The Enduring Significance of Charter 77
The Czech Republic’s successful transition from communism to democracy would not have been possible without the committed activists who provided a consistent and courageous voice in favor of political and intellectual freedom and civic engagement. Speaking up in favor of truth and justice represents a radical threat to a state that seeks ideological control over the lives of all its citizens. This is why Charter 77, a short manifesto with a few thousand signatories, had such an explosive impact within the Eastern Bloc. Not only did many members and signatories of Charter 77 go on to play important roles in Czech and Slovak national life, the manifesto has also served as an inspiration to democratic dissidents from China to Cuba. This roundtable will explore the enduring significance of Charter 77 for the partisans of human freedom.
DATE: Friday, February 3, 2017
LOCATION: Embassy of the Czech Republic, 3900 Spring of Freedom St. NW, Washington, DC
Breakfast to be served. Advance registration required.
Martin Palouš was the Czech Ambassador to the United States (2001-2005) prior to taking office as the Czech Republic’s Permanent Representative to the United Nations (2006-2011). He has also served as Deputy Minister of Foreign Affairs for the Czech Republic, and, before that, Czechoslovakia. One of the first signatories of Charter 77 and spokesperson for the group in 1986, he was a founding member of the Civic Forum and was elected in 1990 to the Czechoslovak Federal Assembly, where he served as a member of the foreign affairs committee. Palouš is currently director of the Václav Havel Program for Human Rights and Diplomacy at Florida International University and is also a member of the Prague Society for International Cooperation, a respected NGO that aims for the development of a new generation of responsible and well-informed leaders and thinkers.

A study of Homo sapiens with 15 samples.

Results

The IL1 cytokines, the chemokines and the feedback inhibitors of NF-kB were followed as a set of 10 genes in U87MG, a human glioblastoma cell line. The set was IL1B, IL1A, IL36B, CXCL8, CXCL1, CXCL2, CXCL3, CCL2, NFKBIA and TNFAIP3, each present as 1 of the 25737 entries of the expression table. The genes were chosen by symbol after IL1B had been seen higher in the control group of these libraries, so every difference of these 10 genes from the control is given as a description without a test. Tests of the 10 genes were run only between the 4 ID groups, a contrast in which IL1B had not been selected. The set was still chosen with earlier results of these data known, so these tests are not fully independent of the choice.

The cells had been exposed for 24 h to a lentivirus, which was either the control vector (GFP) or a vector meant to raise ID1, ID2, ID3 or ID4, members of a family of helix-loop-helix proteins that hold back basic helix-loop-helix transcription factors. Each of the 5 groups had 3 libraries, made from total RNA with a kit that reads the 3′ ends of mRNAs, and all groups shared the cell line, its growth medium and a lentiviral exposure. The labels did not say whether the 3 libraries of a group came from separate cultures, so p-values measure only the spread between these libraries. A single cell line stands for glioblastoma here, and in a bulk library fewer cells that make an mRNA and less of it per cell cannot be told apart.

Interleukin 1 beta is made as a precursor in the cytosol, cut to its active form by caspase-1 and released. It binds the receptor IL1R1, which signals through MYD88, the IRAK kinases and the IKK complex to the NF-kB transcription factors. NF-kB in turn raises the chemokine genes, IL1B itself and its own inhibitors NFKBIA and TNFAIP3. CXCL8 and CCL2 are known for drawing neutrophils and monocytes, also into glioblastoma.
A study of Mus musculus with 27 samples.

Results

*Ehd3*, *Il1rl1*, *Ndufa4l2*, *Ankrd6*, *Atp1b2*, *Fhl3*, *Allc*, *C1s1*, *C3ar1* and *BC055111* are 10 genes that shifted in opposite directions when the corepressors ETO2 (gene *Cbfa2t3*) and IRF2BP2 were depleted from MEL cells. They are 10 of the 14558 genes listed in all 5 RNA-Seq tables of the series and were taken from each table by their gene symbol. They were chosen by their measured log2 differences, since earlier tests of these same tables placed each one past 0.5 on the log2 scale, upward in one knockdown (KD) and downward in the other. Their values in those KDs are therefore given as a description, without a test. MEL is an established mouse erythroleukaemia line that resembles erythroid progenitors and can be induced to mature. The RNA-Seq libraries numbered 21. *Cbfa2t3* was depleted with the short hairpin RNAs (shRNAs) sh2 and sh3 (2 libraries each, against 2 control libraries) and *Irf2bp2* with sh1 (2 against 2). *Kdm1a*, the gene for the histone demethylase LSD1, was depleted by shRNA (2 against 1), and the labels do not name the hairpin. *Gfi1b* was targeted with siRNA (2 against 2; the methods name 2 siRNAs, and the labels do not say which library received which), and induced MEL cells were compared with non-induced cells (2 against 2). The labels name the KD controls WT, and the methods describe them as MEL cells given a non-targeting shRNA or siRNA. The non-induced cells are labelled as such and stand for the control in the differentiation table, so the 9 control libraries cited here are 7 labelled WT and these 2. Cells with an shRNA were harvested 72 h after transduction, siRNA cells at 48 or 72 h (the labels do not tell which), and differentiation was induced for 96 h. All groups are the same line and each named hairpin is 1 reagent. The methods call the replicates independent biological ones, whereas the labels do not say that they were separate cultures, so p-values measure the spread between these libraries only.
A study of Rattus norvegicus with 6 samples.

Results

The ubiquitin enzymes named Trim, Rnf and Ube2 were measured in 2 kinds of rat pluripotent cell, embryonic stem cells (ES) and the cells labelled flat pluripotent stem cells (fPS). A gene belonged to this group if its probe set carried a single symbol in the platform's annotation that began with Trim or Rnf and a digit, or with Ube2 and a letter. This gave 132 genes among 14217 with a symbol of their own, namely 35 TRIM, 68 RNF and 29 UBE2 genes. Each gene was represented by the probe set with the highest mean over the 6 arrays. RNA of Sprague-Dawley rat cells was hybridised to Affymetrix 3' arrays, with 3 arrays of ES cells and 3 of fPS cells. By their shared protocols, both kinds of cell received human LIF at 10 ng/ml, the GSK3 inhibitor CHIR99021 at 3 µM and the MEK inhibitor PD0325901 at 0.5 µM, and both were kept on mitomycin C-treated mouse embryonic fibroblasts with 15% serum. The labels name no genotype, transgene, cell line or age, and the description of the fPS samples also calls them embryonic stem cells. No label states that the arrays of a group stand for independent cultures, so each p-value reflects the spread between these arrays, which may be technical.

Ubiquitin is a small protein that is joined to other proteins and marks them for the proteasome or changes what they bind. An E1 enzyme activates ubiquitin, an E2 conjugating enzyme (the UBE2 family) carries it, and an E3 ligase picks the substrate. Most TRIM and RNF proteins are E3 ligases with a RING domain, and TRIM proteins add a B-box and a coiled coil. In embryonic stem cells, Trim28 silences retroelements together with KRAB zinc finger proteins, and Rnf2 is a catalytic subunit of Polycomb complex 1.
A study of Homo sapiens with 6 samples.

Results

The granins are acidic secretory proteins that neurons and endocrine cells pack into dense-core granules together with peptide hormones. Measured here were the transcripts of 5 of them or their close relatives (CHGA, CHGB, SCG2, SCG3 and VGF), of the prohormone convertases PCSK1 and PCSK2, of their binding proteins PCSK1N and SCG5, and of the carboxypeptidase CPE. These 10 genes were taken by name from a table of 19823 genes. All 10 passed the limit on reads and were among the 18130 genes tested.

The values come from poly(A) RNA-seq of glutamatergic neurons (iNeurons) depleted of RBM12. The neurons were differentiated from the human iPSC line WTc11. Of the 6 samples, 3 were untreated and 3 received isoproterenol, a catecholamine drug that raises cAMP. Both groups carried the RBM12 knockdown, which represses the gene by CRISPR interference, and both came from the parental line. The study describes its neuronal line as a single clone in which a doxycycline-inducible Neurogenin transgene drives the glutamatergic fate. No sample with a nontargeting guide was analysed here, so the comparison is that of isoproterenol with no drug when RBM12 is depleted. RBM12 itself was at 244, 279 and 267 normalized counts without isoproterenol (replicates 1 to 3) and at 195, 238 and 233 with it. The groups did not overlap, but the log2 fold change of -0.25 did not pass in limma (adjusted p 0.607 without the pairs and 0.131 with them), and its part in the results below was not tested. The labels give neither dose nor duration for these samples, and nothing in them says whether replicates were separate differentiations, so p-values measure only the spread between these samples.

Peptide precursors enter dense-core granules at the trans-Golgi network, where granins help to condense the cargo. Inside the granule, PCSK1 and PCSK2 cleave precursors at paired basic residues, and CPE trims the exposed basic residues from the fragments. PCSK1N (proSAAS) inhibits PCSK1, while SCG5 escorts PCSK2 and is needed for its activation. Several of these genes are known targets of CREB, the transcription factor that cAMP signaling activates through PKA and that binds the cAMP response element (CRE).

Dr. James F. Pontuso is Charles Patterson Professor of government and foreign affairs at Hampden-Sydney College. He has authored or edited seven books and published more than ninety articles, reviews, and essays, including Václav Havel: Civic Responsibility in the Postmodern Age and Assault on Ideology: Aleksandr Solzhenitsyn’s Political Thought. His latest book, Nature’s Virtue, published by St. Augustine’s Press, will appear in 2017. He has taught or lectured in a dozen countries and held positions including John Adams Fellow at the University of London, Fulbright scholar in the Czech Republic, and Visiting Professor at the American University of Iraq-Sulaimani.
Dr. F. Flagg Taylor, IV is an associate professor of government at Skidmore College. He holds a PhD and an MA in political science from Fordham University and a BA from Kenyon College. Dr. Taylor’s specialty is in the history of political thought and American government, especially the question of executive power. He is the editor of The Great Lie: Classic and Recent Appraisals of Ideology and Totalitarianism, co-author of The Contested Removal Power, 1789-2010, and the author of numerous articles. He is editor of The Long Night of the Watchman: Essays by Václav Benda, 1977-1989, which is forthcoming in March 2017.
Marianne Canavaggio Silvereano is a professor of French at the French Lycée in Washington, DC. In the 1980’s she worked in the French school in Prague where she was translating Czech authors (Hrabal, Topol) into French, was smuggling books into Czechoslovakia, and was a contact point to Pavel Tigrid, among others. The StB followed her and she had to leave the country. Among her students numbered, Václav and Ivan Havel and Martin Palouš. In 2009, she received the Václav Benda medal from the Institute for the Study of Totalitarian Regimes, which recognizes those who played a significant role in the fight for the restoration of freedom and democracy of the Czechoslovak Republic.